Recently, I overhead a group of women sharing war stories about their experiences with child care. The stories ranged from the horrific intoxicated nanny to complaints about the unbelievably high cost of child care and capped with this unexpected question: “Why would you decide to have kids if you weren’t going to raise them?”
As someone who wasn’t exactly welcomed to participate in this group (i.e. I was lurking in on a conversation that I hadn’t been invited to!) I chose not to say anything. Instead I started thinking from the perspective of a mom. How would I feel if I wanted to stay at home with my kids but I couldn’t afford to? Or how would I react to a statement like this if I was a working mom with professional goals and I liked it that way? Or even more, what would I say if I was a mom who was staying at home with my kids and I desperately wished that I could be back in the working world again?
I’m not even a mom yet, but I could already feel the pain from this statement for moms in all categories. And I seriously questioned why the world has to be so hard on moms. Why does a mom get judged if she works, but a dad is expected to work, never judged for going off to work and leaving his kids to be raised by someone else? Why is it that working moms are more likely to drop off and pick up at daycare or school, and take time off from work when the child is sick or to take kids to appointments or attend meetings for their kids? Why is the world so hard on moms, setting what seems like unrealistic expectations, and then judging them when they don’t—or can’t—meet those expectations?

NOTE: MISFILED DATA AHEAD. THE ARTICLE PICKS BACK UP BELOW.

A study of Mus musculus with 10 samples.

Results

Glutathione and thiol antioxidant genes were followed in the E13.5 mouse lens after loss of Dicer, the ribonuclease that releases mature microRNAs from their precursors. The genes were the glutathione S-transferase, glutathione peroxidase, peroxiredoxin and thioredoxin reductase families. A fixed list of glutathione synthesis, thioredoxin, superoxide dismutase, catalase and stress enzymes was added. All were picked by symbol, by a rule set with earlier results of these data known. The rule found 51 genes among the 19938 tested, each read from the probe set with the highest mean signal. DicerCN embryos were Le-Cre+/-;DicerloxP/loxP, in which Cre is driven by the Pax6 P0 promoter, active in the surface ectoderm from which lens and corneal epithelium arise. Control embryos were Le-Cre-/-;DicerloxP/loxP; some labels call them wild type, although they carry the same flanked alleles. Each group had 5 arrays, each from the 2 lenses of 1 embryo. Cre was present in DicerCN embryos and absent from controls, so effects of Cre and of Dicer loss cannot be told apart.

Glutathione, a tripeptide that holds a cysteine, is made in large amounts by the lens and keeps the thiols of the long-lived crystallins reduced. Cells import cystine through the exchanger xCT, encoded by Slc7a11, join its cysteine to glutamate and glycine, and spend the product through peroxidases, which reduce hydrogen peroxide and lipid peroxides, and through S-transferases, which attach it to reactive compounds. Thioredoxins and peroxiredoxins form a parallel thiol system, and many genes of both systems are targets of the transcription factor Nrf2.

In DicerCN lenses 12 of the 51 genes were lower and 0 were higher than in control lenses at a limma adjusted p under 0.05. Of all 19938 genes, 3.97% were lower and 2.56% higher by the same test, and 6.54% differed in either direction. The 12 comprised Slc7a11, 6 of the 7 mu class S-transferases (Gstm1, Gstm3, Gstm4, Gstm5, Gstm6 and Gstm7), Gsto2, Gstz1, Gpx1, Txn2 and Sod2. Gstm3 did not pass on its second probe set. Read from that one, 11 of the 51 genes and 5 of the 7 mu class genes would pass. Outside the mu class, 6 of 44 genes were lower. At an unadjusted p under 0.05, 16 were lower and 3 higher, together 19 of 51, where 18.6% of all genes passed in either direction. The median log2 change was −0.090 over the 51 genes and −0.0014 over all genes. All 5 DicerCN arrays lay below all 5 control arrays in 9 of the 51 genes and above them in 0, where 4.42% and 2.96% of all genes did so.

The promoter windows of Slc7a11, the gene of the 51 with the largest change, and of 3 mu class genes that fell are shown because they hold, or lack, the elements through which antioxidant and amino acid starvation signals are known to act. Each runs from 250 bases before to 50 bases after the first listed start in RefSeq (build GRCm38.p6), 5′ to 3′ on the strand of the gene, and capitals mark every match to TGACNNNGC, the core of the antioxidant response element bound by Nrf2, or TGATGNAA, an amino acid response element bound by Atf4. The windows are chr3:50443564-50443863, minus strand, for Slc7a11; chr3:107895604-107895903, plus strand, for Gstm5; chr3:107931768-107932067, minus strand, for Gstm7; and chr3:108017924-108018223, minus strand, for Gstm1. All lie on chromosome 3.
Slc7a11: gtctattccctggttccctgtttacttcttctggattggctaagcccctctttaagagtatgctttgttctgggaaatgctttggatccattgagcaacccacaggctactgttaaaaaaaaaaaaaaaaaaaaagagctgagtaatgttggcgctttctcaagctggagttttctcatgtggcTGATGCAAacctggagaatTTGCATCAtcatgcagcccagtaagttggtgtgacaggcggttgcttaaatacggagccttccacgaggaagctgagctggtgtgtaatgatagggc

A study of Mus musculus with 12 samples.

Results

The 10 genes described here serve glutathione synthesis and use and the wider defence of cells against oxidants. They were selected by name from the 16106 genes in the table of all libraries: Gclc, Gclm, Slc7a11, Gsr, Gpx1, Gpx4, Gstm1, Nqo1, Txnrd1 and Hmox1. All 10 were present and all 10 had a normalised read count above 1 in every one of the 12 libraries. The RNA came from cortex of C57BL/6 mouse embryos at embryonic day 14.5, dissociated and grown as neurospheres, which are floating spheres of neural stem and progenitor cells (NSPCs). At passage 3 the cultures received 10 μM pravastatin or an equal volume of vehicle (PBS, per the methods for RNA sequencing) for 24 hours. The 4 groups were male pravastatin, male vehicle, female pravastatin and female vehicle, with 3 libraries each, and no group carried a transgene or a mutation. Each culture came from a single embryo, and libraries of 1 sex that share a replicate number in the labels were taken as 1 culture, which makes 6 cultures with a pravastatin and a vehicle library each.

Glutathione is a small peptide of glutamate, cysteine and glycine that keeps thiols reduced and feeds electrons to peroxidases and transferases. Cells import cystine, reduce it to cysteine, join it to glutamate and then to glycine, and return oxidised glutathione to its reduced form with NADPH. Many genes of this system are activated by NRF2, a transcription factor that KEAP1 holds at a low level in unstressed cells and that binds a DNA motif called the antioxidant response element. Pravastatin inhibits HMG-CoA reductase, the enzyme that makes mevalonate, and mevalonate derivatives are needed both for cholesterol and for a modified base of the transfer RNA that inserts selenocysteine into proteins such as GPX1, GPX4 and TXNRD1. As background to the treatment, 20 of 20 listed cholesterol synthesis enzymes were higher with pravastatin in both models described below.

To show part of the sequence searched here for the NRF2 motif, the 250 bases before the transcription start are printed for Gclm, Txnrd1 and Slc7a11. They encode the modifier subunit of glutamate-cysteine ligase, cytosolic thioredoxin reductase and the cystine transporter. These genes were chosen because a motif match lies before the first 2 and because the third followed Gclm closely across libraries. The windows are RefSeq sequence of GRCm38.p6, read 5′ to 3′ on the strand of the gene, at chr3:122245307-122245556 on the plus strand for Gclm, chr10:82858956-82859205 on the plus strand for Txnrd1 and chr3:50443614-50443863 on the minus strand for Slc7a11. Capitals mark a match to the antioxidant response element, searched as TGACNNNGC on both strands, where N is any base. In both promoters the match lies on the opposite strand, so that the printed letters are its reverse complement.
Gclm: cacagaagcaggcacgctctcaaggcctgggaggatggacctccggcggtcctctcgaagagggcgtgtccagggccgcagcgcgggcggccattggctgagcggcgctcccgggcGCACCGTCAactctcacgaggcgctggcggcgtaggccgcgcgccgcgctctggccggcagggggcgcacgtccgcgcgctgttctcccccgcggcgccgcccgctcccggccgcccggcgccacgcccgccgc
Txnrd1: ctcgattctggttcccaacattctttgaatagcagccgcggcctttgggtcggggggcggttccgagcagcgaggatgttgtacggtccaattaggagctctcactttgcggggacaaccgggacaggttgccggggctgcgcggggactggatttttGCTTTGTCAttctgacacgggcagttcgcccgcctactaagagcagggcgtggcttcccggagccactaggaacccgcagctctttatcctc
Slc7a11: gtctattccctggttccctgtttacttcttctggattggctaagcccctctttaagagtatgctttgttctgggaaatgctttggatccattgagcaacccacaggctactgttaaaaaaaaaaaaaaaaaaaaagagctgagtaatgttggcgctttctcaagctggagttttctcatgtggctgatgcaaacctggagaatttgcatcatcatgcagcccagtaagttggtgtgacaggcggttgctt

Unfortunately, I don’t have the answer to this. I can’t give you a special link to a research article that shows how to solve this problem or exactly why it exists. The answers are much more complicated than that, and we may never know the true answers.
What are your thoughts? How would you have responded to this woman who judged the working mom? Would you have agreed with her? Or would you have disagreed, passionately explaining that your desire (or need) to work has nothing to do with your ability to be a mom?